Eating Experiences Food The Chef

Jury Duty Blues

The magic slip with the red bar code came via mail two weeks ago, and that can mean only thing: jury duty. The mere words strike anxiety and panic into the busiest metropolitans, and excuses are prepared in advance as if lining up for a confession.

Crisis in Chinese also means opportunity, the chance to seize the day or go down with the ship. For me, it means several well-timed meals in Chinatown, a foodie neighborhood I have been researching for years. Over a two day stint, that means four breakfast spots, four lunches and a couple of early dinners.

In the mornings I headed to Mei Lai Wah, that bastion of a coffee shop known for their pork buns. They come baked or steamed and are exquisite, fluffy, a bit sweet and savory. Only great discipline can prevent you from ordering more. Several other bakeries provide arrays of eggs with croissants, pork bun variations, coconut pastries and shumai. The quality is fairly even, so form your own alliances according to service. The excellent dumpling house is a sure-fire way to unload your Washingtons, testing economic theory that there is no more bang for your buck. One dollar yields five pan fried dumplings or four juicy buns. What a bargain! There’s no time for dim sum, otherwise I would be firmly planted at Tai Hong Lau (70 Mott St.).

For lunch, the sky is the limit. Though Chinatown holds its perils, and the wrong turn can yield an unforgettably bad meal. Understand also that chefs come and go as quickly as the moon tides. Some family run businesses will actually close if they can’t keep a chef from within the family.

I headed over to Big Wong on Mott street for a roast meat sampler. Roast duck, roast pork, and chicken with ginger usually does the trick. I follow this up with fresh shrimp crepes and barbecued spare ribs. Big Wong stands for the tremendously phallic donuts they serve which are more novelty than nutrition.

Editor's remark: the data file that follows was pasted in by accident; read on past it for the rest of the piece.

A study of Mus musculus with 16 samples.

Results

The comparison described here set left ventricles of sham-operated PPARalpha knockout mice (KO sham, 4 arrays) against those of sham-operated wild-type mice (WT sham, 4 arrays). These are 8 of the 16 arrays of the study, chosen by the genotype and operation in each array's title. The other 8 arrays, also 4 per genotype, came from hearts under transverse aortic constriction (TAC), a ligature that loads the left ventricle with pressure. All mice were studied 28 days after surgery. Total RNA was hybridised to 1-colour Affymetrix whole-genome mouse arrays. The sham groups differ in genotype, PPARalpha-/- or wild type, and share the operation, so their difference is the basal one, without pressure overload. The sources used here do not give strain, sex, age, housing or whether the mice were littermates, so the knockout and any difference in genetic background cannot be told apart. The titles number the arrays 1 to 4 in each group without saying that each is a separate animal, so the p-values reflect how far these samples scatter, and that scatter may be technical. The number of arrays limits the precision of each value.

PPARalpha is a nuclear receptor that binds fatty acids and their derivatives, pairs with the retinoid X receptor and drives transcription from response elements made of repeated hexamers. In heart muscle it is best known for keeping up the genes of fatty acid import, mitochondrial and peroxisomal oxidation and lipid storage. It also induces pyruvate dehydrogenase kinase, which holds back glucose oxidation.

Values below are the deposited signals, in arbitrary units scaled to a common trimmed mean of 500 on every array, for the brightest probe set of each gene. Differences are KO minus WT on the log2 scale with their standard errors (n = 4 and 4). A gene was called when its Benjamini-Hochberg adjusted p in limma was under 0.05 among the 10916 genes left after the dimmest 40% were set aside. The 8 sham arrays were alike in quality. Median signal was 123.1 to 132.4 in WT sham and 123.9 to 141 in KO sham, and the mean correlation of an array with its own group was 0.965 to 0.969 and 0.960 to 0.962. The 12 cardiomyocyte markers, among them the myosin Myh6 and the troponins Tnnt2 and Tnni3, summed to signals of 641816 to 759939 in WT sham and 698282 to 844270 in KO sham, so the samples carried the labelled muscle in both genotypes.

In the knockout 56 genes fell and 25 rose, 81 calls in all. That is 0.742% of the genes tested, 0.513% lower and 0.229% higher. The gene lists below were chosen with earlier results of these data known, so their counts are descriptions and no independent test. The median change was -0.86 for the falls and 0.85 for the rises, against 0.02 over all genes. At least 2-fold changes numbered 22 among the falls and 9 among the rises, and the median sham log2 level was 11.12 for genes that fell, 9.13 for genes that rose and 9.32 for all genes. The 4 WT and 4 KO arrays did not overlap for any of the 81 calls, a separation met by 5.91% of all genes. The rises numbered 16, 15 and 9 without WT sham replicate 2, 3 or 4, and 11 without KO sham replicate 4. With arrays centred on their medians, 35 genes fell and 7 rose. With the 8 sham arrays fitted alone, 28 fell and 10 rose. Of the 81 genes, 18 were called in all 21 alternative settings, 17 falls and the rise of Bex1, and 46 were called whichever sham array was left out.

I love to top off lunch with a bowl of soup, not the run of the mill wonton, egg drop, or sweet and sour kind either. Several shops are dedicated to soups with choice of noodle, dumpling, won ton, and roast meat which can adorn a healthy bowl of Chinese goodness. Judge a soup by its broth first. It should be translucent like a consommé, full of chicken stock flavor ready to be slurped from the bowl. The rest of the ingredients are up to you, as I have rarely not enjoyed the dumplings, or the noodles, or the roast meats.

Later that day I was released early. Before my next appointment, I headed over to Grand Sichuan for a spicy double pork lunch special, sliced, tender pork and scallions heaped on top of fiery Szechuan peppercorns, easily one of my favorite dishes in all of Chinatown. I whet my appetite with the won tons in hot oil in preparation for a meal of true grit and ecstasy.

The next day I replicated my breakfast routine, except that I supplemented my regimen with a coconut banana chocolate croissant from nearby Bouley Bakery, just for stark contrast. At lunch I dined at Chan Noodle, and excellent soup shop on Mulberry known for the fried rice. The fried rice with two sausages is the real deal, and because they’re in season, the soft shell crab was light, crispy, and ethereal. I ordered some soup dumplings at Joe’s Shanghai just because, and of course had an encore of the baked pork bun at Mei Lai Wah.

When I was ultimately released from service and handed a letter for proof like some sort of empty diploma, I contemplated the Peking Duck House for some great duck-filled tortillas, but was running late and had to forgo one last Chinatown sup.

Between siestas for those two marvelous days, visions of dumplings pranced in my head, and a note of sadness came over me as I left 111 Centre Street. It will be another six years before I perform my civic duty again, the crisis with the great foodie perks.

By Chef Mateo

Just a man in pursuit of all things delicious. Eat and Drink life!